I want to begin by telling you that I love the church, and I love my church. I love the people first of all. And I love our pastors, especially our new pastor of preaching.
I also love the way our particular church has chosen to worship. Our liturgy, our music, even the worship space draws us to reflect on our Triune God, the only Holy One. Indeed, the formality of our worship is one of the things that drew my husband and I to our current church.
But today something happened that made me wonder if sometimes, our formality overwhelms opportunity. Let me explain.
We worship in a downtown, urban area. There are several homeless shelters within a block or two of our building. As a congregation, we are involved in any number of ministries that assist this needy population and it is not uncommon for some of our needy neighbors to worship with us on Sunday morning.
Within minutes of the beginning of the sermon, a woman, obviously from the neighborhood, walked up the center aisle, bag and all, and sat in the second bench from the front. Her hair was rather messy, her bag was full of who knows what, and she was dressed in jeans – not typical apparel at our church. She sat there for a few minutes, then she got up, and walked out without saying a word, just as she had walked in a few minutes earlier.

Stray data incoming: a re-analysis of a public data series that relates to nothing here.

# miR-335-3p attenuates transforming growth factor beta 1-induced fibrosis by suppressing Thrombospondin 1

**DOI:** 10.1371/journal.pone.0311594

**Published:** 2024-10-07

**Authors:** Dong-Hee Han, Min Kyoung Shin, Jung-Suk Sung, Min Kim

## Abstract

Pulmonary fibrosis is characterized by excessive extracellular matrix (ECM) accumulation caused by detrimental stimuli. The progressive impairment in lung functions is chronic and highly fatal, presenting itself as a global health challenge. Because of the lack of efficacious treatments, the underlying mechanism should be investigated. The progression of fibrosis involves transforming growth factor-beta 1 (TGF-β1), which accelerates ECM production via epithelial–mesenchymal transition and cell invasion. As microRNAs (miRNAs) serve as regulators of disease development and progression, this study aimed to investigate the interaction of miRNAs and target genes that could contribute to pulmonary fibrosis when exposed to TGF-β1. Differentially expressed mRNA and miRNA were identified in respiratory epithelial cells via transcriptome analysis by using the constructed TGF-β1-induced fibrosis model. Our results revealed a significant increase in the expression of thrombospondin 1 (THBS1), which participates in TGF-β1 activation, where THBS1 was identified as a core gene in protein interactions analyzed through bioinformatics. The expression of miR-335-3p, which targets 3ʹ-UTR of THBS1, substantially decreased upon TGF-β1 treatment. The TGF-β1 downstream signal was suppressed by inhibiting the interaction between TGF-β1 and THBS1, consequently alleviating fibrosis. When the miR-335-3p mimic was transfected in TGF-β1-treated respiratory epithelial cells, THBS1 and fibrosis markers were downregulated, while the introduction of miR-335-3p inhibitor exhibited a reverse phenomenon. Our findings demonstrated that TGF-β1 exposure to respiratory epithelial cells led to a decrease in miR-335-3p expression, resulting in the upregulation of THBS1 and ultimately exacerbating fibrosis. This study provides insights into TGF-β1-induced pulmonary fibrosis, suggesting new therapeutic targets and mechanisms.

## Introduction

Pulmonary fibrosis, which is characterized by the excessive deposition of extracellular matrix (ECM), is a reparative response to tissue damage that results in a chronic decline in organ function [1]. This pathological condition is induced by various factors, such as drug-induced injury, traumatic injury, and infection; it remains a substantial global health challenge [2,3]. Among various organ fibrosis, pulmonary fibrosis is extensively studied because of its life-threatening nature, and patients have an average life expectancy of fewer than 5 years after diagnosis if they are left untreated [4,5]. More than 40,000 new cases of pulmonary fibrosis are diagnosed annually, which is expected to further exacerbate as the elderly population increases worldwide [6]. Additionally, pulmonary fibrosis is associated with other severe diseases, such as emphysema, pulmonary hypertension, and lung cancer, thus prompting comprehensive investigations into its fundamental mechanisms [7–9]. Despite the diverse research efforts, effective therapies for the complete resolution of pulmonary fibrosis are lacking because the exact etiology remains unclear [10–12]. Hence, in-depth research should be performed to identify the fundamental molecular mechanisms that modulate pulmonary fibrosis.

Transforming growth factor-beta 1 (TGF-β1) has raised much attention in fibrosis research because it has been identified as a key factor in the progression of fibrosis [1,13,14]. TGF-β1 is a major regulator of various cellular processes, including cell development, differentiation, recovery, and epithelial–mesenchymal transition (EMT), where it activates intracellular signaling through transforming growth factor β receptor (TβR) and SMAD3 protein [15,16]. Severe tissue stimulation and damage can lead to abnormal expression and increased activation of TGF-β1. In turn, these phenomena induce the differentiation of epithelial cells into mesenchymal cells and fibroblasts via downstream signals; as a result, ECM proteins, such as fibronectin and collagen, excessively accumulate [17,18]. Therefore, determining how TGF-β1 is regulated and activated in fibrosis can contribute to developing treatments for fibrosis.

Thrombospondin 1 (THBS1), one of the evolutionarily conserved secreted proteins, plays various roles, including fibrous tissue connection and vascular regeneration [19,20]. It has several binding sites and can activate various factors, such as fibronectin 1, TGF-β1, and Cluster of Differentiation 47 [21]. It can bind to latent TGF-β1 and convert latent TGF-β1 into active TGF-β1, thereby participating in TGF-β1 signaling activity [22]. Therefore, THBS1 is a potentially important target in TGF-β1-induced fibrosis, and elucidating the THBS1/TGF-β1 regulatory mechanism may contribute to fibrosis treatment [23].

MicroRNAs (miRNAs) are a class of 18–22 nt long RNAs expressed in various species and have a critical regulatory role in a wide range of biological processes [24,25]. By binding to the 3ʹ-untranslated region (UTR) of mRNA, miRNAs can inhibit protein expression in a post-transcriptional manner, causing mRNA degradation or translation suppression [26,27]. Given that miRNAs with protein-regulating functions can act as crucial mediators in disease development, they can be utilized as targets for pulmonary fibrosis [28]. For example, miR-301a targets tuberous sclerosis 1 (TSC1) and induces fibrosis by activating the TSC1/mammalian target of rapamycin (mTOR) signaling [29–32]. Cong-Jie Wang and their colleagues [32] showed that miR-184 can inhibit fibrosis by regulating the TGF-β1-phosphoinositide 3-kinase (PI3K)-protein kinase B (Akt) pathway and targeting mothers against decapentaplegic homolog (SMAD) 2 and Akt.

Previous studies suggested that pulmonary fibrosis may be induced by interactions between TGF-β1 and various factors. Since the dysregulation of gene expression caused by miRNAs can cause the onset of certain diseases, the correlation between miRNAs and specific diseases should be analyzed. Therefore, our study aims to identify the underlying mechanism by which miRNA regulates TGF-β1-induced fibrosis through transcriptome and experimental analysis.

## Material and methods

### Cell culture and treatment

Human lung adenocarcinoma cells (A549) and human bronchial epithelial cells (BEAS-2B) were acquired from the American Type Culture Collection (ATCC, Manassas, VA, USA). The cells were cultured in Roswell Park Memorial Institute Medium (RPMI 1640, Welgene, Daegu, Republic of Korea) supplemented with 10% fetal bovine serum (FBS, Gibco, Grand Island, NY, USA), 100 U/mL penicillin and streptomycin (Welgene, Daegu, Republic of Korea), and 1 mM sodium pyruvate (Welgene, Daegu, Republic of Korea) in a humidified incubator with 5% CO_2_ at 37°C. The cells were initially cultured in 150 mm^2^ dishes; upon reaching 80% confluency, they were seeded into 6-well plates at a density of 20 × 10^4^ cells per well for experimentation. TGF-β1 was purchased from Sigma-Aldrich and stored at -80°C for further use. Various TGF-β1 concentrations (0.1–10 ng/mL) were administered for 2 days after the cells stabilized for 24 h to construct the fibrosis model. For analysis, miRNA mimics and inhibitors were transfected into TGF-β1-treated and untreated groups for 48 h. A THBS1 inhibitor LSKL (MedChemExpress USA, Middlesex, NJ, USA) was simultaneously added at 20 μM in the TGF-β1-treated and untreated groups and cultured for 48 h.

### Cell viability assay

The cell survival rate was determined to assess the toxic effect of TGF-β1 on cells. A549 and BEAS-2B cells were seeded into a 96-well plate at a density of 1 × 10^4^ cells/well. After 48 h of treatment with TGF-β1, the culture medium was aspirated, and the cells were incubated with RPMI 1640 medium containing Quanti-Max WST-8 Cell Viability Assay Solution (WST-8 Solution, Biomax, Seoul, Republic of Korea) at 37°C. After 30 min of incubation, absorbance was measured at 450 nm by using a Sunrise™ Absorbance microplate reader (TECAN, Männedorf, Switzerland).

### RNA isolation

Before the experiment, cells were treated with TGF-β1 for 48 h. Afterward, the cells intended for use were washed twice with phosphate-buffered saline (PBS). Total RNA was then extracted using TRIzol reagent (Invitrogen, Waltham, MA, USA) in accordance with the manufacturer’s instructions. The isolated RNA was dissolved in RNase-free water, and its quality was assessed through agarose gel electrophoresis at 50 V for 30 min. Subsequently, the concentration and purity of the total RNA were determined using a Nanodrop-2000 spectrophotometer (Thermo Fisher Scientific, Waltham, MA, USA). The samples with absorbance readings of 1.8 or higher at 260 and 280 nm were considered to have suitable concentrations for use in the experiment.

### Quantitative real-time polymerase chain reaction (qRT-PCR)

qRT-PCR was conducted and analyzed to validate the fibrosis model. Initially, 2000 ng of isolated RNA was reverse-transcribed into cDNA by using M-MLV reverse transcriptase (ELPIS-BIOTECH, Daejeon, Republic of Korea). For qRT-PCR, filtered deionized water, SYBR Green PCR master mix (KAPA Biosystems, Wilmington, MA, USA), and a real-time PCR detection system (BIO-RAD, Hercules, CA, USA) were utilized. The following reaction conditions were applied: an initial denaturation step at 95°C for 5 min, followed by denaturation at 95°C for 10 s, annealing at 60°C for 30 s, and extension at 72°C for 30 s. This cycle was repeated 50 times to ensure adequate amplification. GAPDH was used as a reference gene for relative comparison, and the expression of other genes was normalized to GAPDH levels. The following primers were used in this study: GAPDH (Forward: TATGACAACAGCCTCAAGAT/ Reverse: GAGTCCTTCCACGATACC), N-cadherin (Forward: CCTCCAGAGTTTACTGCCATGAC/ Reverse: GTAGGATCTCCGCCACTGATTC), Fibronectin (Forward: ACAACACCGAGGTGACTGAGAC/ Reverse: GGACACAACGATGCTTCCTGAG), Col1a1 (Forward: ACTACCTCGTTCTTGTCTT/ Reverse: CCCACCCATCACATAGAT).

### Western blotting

A couple of minutes later, she walked back up the center aisle, back to the second bench. All of this happened in front of us: the congregation, the choir, and the pastors.
But no one said or did anything.
Not a word of kindness. Not a gesture of love. Not a question about what she might be seeking. Not even an offer to pray for her, although I would suspect many, like me, were doing exactly that. No one even got up and sat next to her. Me included.
A few minutes late, she got up and walked out again.
Unbeknownst to me, one of our pastors and several of our members did attend to her in the back of church. I was very happy about that.
But I couldn’t help but wonder, especially in the middle of a sermon on the church as family and unconditional love for others, whether the real sermon was not the one being preached, but the potential sermon sitting in our second row. And despite the help we offered, I still can’t help but wonder whether a sermon acted out wouldn’t have been more effective than the spoken words we heard today.